In the United States alone, it’s estimated that vehicle-animal collisions cost $8 billion a year
That’s why conservationists around the world have come up with the idea of wildlife bridges.
In the U.S.A. alone, it’s estimated that vehicle-animal collisions cost $8 billion a year. With over one-fifth of the country’s ecology affected by road systems, there are lots of opportunities for collisions with an animal, or accidents caused by swerving to avoid an animal.
People have crosswalks to let them get across roads safely, so why not animals? If you’re thinking it might be hard to train the wildlife to obey traffic signals, you may be right.
The solution is clear: let them cross any time, safely, in a place where there is no human traffic.
It seems like a pretty simple idea
And since they can’t go through it, they need to go over or under the road. It seems like a pretty simple idea — obvious, even — but passages to allow animals to travel safely over and under busy roadways are revolutionizing the interaction between humans and wildlife along roadways.
After installing them in Banff National Park in Canada, the number of incidents involving cars and creatures dropped over 80%, and other areas have reported up to a 90% decrease in roadkill collisions.
Animal bridges originated in 1950s France, and have now spread around the world. Even before that, however, the idea of building something to help animals get around an obstruction had been around.
A woman needs a man like a fish needs a… ladder?
Dams and other obstructions in rivers were blocking fish from their natural migrations, so the idea of a fish ladder was used. As the name implies, it creates a series of ladder-like steps that allow fish to move up and down from one step to another and bypass whatever’s blocking their way.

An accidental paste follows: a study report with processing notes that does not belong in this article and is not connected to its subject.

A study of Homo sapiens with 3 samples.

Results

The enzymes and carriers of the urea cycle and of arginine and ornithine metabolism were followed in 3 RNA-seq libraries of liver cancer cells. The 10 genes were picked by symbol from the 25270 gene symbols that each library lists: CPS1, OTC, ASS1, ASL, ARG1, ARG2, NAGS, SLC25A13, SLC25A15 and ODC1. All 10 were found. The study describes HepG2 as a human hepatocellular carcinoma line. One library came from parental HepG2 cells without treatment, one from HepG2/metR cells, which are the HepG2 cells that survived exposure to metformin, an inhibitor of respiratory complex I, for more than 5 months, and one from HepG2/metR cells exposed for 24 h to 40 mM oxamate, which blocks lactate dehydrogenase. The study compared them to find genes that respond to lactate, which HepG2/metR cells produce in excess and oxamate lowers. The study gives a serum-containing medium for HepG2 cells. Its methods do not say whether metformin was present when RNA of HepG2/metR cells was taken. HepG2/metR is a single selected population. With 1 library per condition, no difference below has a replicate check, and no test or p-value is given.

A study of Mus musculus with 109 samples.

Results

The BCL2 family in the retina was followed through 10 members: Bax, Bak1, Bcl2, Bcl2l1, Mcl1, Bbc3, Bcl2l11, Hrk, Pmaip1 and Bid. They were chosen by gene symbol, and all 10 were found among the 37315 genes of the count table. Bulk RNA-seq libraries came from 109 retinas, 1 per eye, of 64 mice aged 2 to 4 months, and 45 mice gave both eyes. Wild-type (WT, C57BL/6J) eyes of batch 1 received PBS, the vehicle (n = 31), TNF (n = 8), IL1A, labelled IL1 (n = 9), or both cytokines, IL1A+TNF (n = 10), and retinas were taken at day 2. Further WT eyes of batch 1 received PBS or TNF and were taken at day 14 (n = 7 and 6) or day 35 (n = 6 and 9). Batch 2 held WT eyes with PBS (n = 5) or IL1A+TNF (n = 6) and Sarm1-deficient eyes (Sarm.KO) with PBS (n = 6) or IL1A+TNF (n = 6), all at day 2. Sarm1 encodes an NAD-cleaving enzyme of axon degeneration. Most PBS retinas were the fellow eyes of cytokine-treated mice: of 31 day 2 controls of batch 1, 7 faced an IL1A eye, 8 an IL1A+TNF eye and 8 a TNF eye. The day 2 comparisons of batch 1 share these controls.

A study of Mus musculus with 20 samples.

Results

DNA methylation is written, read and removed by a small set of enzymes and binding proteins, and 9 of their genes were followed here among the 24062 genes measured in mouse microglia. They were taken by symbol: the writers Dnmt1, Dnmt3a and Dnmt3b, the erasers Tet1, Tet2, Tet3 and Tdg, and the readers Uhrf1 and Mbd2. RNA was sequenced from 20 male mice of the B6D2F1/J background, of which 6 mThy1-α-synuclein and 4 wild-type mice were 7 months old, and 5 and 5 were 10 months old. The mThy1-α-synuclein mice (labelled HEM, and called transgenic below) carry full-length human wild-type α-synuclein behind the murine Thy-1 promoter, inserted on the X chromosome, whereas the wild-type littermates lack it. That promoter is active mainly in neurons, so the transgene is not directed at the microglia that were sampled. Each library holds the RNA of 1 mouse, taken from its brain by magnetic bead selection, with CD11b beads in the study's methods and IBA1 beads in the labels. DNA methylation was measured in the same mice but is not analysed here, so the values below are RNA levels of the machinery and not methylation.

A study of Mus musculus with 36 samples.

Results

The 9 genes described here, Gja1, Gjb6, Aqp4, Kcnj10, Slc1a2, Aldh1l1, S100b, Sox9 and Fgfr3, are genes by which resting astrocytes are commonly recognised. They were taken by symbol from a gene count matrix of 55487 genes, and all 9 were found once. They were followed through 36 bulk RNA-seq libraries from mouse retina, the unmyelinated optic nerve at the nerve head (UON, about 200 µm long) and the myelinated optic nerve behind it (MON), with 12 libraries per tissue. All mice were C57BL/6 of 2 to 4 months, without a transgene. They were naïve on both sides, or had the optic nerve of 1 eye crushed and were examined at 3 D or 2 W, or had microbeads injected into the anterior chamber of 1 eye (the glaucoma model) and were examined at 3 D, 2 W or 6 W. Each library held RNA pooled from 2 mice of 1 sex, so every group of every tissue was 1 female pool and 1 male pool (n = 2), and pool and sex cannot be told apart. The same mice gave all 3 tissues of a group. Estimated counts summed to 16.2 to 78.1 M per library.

And that is the essence of a wildlife bridge: to allow animals to naturally get around the obstacles we create. Roads are the most common obstacle, but even our cities themselves greatly impact the ability of some creatures to move around.
Depending upon the types of animals that need to use them, the shape and style of the bridge can vary widely.
There are overpasses and viaducts, underpasses, amphibian tunnels, canopy bridges
In addition to the fish ladder (of which there are many styles) there are overpasses and viaducts, underpasses, amphibian tunnels, canopy bridges suited for monkeys and squirrels, culverts for small mammals, and green roofs to give butterflies and birds respite when flying over urban areas.
A recent documentary called “Cascade Crossroads” follows the building of a series of animal crossings in Washington, USA, along the main Interstate highway cutting across the State. It focuses on a small area near Seattle which sees a lot of daily traffic, both human and animal.
The busy road slices through dense natural habitats inhabited by a wide array of creatures both big and small.
It’s really kind of shocking how many roads lead to exactly the same thing
These animals naturally move through the forests as they hunt for food and mates, and generally live their lives. It’s really kind of shocking how many roads lead to exactly the same thing.
After all, we tend to build busy highways through areas where we don’t have to move people’s houses out of the way. Which doesn’t mean that the areas aren’t inhabited, they’re just not inhabited by humans.